In marking the future deaths of local theatre artists, Physical Plant celebrates their community today
Reviewed by Wayne Alan Brenner, Fri., April 5, 2013
Adam SultanSalvage Vanguard Theater, 2803 Manor Rd., www.physicalplant.org
Through April 19
Running time: 1 hr.
If you're in the theatre community of Austin, Texas, you are, to one ex- tent or another, in this play. And you're probably going to die – in this play.
Of course, you're going to die outside of the play, too, eventually – and that's what Physical Plant Theater's Adam Sultan is about. Or, rather, it's about a man trying to find something still worth living for as he ages, and his friends – his beloved wife among them – die off one by one by two by three as the years go by. Adam Sultan is that man, that character whose life we witness here, and he's based on and played by the real-life Adam Sultan.
This thing is about as inside-baseball as a local play can get, with many in the audience among those whose names and causes and times of death are voiced throughout the course of the narrative. This play celebrates the relationships that grow and change between people who make theatre and commit art, and it is itself an example of those relationships – which is acknowledged at the end of the play. But we're not there yet, we're still at the beginning, even though both that beginning and the end are set against a portion of the front of Salvage Vanguard Theater, reproduced at full scale and looking very like the SVT you just entered. And then that faux-front is divided and carried away, and the play begins.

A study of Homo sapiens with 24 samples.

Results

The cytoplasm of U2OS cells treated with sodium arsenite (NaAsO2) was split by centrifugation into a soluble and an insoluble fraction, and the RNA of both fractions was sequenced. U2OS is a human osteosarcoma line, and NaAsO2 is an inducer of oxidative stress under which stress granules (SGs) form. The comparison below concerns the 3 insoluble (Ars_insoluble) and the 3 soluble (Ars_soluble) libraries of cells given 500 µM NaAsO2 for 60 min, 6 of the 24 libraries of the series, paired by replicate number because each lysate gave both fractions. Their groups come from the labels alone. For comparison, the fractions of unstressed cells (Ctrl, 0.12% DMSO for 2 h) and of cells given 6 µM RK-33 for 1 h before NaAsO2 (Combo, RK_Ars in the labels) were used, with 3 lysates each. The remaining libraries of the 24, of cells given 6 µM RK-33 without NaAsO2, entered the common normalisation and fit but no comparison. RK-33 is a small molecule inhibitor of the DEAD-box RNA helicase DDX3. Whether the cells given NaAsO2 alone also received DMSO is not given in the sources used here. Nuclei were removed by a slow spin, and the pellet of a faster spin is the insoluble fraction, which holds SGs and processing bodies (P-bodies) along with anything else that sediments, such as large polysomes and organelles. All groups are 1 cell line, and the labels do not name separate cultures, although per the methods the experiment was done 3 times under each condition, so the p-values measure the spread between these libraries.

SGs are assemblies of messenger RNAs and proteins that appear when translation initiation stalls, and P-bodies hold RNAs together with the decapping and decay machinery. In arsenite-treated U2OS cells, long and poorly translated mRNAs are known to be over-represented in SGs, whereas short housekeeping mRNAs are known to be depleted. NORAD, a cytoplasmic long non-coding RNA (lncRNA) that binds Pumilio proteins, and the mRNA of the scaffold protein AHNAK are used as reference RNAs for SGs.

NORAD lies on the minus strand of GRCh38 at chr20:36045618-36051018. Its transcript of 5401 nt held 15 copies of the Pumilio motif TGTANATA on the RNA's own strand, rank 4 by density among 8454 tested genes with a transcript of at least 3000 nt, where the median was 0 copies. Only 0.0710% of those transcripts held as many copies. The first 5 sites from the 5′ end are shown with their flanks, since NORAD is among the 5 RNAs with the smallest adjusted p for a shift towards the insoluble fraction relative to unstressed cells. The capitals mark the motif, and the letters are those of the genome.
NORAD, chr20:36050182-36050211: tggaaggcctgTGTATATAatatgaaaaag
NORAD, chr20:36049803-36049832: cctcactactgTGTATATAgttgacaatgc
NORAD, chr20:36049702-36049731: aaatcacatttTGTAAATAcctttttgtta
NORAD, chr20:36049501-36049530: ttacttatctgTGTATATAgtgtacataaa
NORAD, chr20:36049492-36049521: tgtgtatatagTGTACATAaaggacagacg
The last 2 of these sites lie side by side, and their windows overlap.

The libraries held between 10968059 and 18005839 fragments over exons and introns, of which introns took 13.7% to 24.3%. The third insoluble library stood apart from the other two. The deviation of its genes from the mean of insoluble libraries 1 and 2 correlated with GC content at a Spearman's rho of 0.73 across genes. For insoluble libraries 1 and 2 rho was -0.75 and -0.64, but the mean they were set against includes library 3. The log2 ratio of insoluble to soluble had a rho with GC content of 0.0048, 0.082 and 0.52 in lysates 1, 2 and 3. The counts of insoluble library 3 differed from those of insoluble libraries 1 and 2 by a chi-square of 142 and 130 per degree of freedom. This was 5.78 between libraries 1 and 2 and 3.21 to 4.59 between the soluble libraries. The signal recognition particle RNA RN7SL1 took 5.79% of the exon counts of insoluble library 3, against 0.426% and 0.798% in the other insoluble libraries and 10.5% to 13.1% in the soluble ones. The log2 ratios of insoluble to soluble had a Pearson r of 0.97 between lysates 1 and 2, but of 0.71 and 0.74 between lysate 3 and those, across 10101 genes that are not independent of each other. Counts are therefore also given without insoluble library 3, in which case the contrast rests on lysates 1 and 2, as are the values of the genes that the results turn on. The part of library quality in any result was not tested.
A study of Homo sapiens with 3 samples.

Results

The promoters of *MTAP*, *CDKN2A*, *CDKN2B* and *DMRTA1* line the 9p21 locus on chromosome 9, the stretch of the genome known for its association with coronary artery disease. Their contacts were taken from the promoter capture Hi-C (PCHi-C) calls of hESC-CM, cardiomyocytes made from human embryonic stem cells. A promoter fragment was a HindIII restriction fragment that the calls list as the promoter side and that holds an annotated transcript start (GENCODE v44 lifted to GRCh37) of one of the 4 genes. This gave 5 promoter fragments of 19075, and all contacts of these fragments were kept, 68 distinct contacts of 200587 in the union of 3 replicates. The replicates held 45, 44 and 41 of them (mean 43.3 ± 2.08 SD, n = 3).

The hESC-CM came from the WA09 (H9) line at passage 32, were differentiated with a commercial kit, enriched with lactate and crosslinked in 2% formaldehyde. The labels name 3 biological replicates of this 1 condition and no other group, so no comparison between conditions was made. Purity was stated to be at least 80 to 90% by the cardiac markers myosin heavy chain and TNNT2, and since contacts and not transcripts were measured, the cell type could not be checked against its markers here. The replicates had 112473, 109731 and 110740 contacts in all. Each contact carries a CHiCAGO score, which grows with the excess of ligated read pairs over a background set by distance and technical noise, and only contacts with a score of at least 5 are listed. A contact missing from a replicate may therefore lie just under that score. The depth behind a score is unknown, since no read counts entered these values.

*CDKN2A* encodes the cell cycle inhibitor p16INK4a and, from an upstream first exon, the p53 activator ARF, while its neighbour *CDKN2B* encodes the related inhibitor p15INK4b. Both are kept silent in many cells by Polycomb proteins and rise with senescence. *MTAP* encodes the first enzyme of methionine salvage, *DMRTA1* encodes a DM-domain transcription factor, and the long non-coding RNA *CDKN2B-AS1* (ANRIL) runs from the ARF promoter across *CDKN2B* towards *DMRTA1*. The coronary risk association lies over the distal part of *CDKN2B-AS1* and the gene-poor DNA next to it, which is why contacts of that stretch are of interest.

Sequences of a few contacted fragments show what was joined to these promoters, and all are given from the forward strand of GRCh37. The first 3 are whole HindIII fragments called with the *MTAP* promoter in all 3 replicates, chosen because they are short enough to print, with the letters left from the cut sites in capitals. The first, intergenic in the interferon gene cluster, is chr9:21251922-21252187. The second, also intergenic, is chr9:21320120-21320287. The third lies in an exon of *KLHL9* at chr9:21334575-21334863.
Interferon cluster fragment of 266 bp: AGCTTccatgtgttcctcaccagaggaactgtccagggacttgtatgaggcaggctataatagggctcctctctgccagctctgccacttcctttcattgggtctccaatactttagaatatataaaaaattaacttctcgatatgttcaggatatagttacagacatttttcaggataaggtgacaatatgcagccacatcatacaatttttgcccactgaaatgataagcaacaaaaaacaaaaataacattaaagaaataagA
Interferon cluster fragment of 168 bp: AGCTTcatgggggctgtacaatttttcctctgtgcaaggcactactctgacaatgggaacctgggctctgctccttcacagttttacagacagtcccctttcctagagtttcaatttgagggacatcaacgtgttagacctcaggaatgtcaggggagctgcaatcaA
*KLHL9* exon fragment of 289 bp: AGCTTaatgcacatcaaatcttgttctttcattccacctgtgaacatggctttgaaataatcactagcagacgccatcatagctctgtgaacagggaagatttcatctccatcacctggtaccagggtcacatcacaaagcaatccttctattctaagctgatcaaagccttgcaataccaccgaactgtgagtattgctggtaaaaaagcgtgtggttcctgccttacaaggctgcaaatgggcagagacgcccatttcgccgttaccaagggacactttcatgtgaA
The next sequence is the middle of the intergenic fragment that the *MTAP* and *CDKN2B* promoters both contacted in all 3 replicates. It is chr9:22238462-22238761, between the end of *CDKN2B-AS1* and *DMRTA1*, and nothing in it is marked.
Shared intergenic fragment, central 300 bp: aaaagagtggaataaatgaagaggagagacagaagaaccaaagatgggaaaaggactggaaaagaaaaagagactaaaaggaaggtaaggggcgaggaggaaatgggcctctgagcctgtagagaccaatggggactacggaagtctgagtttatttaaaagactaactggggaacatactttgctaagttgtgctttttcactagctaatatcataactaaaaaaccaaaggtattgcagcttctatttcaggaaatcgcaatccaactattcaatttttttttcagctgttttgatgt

Look: There's the married couple, Karen and Adam Sultan, standing side by side in their small home, being aged by a team of masked and black-clad stagehands, their clothes changing, their bodies shifting, decades tumbling by as the names of newly dead friends are announced one after another.
Look: Adam's collecting mementos of his deceased loved ones, personal objects which he consigns to jars. He's grown obsessed with this task, has created a device to ease the process, and the jars are beginning to crowd the shelves of his house as surely as accruing sorrows are crowding his memory.
Look: There's a puppet of Adam Sultan entering the house, confusing and unnerving the flesh-based Adam. The puppet's brought to life by those same stagehands-in-black who were manipulating the married Sultans through time; behind those masks, the puppeteers are members of Trouble Puppet Theater Company, so, yes, the movement of this articulated faux-Adam is astonishing.
Look: Ellie McBride is excellent as the elderly Adam's alcoholic nurse, Linda. The living Noel Gaulin is perfectly cast as the dying Noel Gaulin. Kelli Bland is as delightful as ever, playing Kelli Bland. The lighting, the sound, the set, the costumes, the – ah, Jesus. This is supposed to be a review about a play that's about the Austin theatre community, produced and performed by people in that community, and your reviewer happens to be among those people, and I hope you don't mind but I'm going to go get a Kleenex because thinking about this fucking thing has the tears running down my cheeks and eroding most of what passes for critical objectivity.